On Sept. 2, Paralympics superstar Oscar Pistorius placed second in the 200-meter dash, then accused a pair of fellow competitors of racing on unfairly lengthened prosthetic legs. A few days later, the South African hit the track again to run the 100 meters. Did Pistorius defend his gold medal from 2008?
If you went to ESPN.com on Thursday evening, you wouldn’t even know that Oscar Pistorius exists. In the hours after the race, there were no items about Pistorius on the site’s front page. (Among the top headlines: “Jets’ owner: Circus label is driven by media,” “Holmes: Tebow deal initially floored Sanchez,” and “3rd-grader sent home for banned Peyton jersey.“) This wasn’t an atypical omission: There was no indication on the front of ESPN.com that the Paralympics were happening at all. To find the results of the 100-meter dash, you had to mouse over the “More Sports” flyout menu, then click on “Olympic Sports.” At the top of that page is a headline - “Pistorius surrenders another Paralympic title” - that leads to a 100-word wire story. The Blade Runner, it turns out, came in fourth.
ESPN’s decision to ignore the Paralympics is perhaps less shameful than TV rights holder NBC’s move not to broadcast any of the games live. But ESPN’s lack of coverage is still indefensible. There is no full-time ESPN staffer – online, radio, or television – in London to cover the world’s second-largest sporting event (4,200 athletes, 165 countries). The Worldwide Leader essentially defines what is and isn’t sports news in this country, and the company’s call to disregard the Paralympics has relegated the event to eighth-tier status.
If my count is accurate, the ESPN family of Web properties has produced eight pieces of original, written content since the Paralympics began on Aug. 29: two blog posts by Paralympics fencer Cat Bouwkamp, four blog items by Grantland’s Dermot Hunt, one post in ESPN Playbook’s Tech blog, and a feature by ESPN the Magazine’s Ryan McGee on race car driver Alex Zanardi’s journey to Paralympics gold after a horrific accident. By comparison, the site’s Tim Tebow topic page - there isn’t a topic page for the Paralympics - indicates that there have been at least six original pieces of written matter last week focusing on the Jets’ backup quarterback.
Rob King, the editor-in-chief of ESPN Digital Media, says he believes that ESPN is “honoring the event.” He notes that there are nightly highlights on ESPN3 and Paralympics images in online photo galleries. David Wetherill’s amazing table tennis shot also made the top spot in the SportsCenter Top 10. When it comes to parceling out coverage, King says you have to consider what the Paralympics are going up against: the start of college football and the NFL, the U.S. Open, the baseball pennant races, and NASCAR’s Chase for the Sprint Cup. “We’re making decisions all the time about things we deliver that can be excellent rather than just check the box,” he says. “We had to look at when the Paralympics were happening and where we can deploy folks.”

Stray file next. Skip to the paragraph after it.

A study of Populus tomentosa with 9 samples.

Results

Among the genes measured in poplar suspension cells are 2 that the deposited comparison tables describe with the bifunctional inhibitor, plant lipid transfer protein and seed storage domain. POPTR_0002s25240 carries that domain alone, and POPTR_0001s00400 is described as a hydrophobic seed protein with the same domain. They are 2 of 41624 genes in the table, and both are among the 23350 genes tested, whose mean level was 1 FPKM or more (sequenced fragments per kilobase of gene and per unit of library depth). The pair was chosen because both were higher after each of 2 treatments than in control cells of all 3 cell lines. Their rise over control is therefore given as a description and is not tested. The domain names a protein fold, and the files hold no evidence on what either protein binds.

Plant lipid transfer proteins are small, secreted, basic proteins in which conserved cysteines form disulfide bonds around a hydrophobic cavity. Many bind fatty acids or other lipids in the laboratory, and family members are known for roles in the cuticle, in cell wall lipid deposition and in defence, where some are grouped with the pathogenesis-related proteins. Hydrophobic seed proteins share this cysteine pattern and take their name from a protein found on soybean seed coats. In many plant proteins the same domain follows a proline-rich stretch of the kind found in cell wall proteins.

Even if it’s unrealistic to expect ESPN to be the all-knowing and all-seeing Sports Panopticon, it’s fair to demand more than what we’ve gotten from the media giant. The Washington Post had a great feature on a swimmer named Bradley Snyder who won gold in the 100-meter freestyle after losing his eyesight in a bomb blast in Afghanistan. The Guardian has a compelling interactive on the physics of running on blades. And most news outlets in the United States and abroad have run something on “boosting,” the terrifying practice in which athletes with spinal injuries harm themselves – that can include intentionally crushing their own testicles – in order to boost their heart rates and enhance performance. By comparison, ESPN has had no features on the triumphs of unknown Paralympians, no interactives, and nothing on boosting.
ESPN shouldn’t feel compelled to cover the Paralympics out of a sense of responsibility or do-gooderism. It’s also understandable that there’d be less coverage of the Paralympics than the Olympics - we’ve made the same editorial decision here at Slate. And the network surely faces coverage challenges on account of its limited access to video highlights, which have been parceled out primarily to NBC.
But outright neglect is not a legitimate journalistic strategy. Given the scope and importance of the event, the athletes’ remarkable stories, and the fascinating cultural and technological angles, ESPN surely could have spared a single blogger to cover the Paralympics. It could have asked Wayne Drehs, who wrote a bunch of great features during the Olympics, to stick around London, or perhaps sent Wright Thompson or some other longform wizard to do a couple of long takeouts on Paralympians. And at the very least, someone could have taken the five minutes to create a Paralympics topic page and a standing link on the site’s front page.
Even on that hard-to-find Olympic Sports page, the Paralympics have been completely buried. On Friday, the splash image at the top of the screen advertised a piece on Allyson Felix’s “four tips for a successful fitness regimen.” A wire story on Pistorius’ 200-meter contretemps was in the fourth position in that top promotional box. After Monday and the Paralympics Closing Ceremonies, that story will likely disappear entirely. ESPN.com readers won’t miss it. Why would they, considering they never knew it was there in the first place.